1. Vol. 39 No. 2, p. 552-557
     
    Received: Dec 29, 1997


    * Corresponding author(s): dsmith@agradm.lan.mcgill.ca

Cutting Frequency and Nitrogen Fertilization Effects on Yield and Nitrogen Concentration of Switchgrass in a Short Season Area

  1. I. C. Madakadze,
  2. K. A. Stewart,
  3. P. R. Peterson,
  4. B. E. Coulman and
  5. D. L. Smith 
  1. Plant Sci. Dep., Univ. of McGill, 21-111 Lakeshore Road, Ste-Anne-de-Bellevue, QC, H9X 3V9
    Agric. and Agri-Food Canada, 107 Science Place, Saskatoon, SK, S7N 0X2

Abstract

Abstract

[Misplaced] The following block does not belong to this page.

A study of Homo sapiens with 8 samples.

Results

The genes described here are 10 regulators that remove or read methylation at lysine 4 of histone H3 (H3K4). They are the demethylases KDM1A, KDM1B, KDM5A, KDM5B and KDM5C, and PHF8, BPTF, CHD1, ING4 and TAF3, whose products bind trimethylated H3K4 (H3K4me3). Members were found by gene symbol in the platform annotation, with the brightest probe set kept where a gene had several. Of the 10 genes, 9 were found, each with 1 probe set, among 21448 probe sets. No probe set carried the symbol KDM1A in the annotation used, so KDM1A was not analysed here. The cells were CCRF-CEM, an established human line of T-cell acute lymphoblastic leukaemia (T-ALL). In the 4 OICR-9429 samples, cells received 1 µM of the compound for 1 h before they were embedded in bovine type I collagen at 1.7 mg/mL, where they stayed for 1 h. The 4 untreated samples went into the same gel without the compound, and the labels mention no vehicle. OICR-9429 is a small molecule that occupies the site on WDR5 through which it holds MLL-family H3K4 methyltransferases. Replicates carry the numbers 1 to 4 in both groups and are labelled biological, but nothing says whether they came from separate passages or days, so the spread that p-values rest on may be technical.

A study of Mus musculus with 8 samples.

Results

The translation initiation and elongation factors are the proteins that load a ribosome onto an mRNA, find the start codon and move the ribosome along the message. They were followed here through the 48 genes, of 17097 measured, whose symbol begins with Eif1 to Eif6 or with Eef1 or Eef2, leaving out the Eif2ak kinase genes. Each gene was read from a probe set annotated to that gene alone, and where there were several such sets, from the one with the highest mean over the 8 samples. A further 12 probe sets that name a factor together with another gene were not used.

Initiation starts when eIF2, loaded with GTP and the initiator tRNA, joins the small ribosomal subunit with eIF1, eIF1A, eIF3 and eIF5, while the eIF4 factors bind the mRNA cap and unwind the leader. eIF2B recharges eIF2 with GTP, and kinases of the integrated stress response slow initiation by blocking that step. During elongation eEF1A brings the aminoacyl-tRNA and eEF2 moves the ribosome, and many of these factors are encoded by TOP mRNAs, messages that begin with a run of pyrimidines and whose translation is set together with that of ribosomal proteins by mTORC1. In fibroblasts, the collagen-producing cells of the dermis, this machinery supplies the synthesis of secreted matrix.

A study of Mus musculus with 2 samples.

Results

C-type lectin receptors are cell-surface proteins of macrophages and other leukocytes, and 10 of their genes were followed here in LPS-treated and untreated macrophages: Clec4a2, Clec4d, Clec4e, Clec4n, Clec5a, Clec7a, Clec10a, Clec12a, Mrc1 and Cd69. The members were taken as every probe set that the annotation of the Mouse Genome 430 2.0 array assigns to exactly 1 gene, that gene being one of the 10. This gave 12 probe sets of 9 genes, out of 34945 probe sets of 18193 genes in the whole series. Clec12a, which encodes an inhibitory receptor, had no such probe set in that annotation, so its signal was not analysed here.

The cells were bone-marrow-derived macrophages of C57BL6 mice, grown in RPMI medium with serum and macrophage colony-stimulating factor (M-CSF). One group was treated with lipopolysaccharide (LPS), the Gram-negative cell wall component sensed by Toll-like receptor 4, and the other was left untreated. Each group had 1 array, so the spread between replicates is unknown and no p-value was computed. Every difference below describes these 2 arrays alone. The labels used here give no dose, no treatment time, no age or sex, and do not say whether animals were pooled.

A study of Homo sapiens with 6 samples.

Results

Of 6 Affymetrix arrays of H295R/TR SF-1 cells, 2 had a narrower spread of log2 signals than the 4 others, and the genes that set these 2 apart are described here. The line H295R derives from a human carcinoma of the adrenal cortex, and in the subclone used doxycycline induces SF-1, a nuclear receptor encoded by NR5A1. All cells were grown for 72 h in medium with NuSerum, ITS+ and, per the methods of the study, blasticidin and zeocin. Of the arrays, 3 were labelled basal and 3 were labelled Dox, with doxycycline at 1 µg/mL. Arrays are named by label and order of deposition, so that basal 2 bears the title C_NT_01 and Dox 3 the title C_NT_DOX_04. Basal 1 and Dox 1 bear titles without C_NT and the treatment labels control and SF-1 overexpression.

Adapted warm season grasses have potential for both summer forage and biomass production in eastern Canada. A field study was conducted in 1995 and 1996 to determine the response of switchgrass (Panicum virgatum L.) cv. Cave-in-Rock, Pathfinder, and Sunburst to nitrogen (N) fertilization at 0,75, or 150 kg ha−1 and three harvest schedules in a short season area. The grass was harvested at 4- or 6-wk intervals or left uncut until the end of the season. These treatments were combined in a split-plot design in each of three blocks on a St. Bernard sandy clay loam (Typic Hapludalf). Herbage yield and herbage N concentration were determined at each harvest for the cutting schedules. Herbage yields revealed a cultivar × N × harvest schedule interaction in 1996, while in 1995 only the two-way interactions between cultivar × harvest schedule and N × harvest schedule were evident (P < 0.05). Total yield ranking for the harvest regimes was uncut > 6-wk > 4-wk with their respective mean yields being 11,10, and 8 Mg ha−1 for Cave-in-Rock; 10,8, and 6 Mg ha−1 for Pathfinder and 11,8, and 7 Mg ha−1 for Sunburst. Nitrogen concentrations increased with fertilization and varied with harvest and year, but not with cultivar. Mean N concentrations were 12.4, 13.9, and 15.4 g kg−1 dry matter (DM) for the 0, 75, and 150 kg ha−1 N levels, respectively, under the 4-wk system. Corresponding values were 10.1, 11.6, and 12.9 g kg−1 for the 6-wk system. End of season N concentrations for the uncut regime averaged 5.4, 6.0, and 7.6 g kg−1 DM in increasing order of N fertilization. The results indicate that switchgrass has potential in both grazed or hay forage systems in eastern Canada.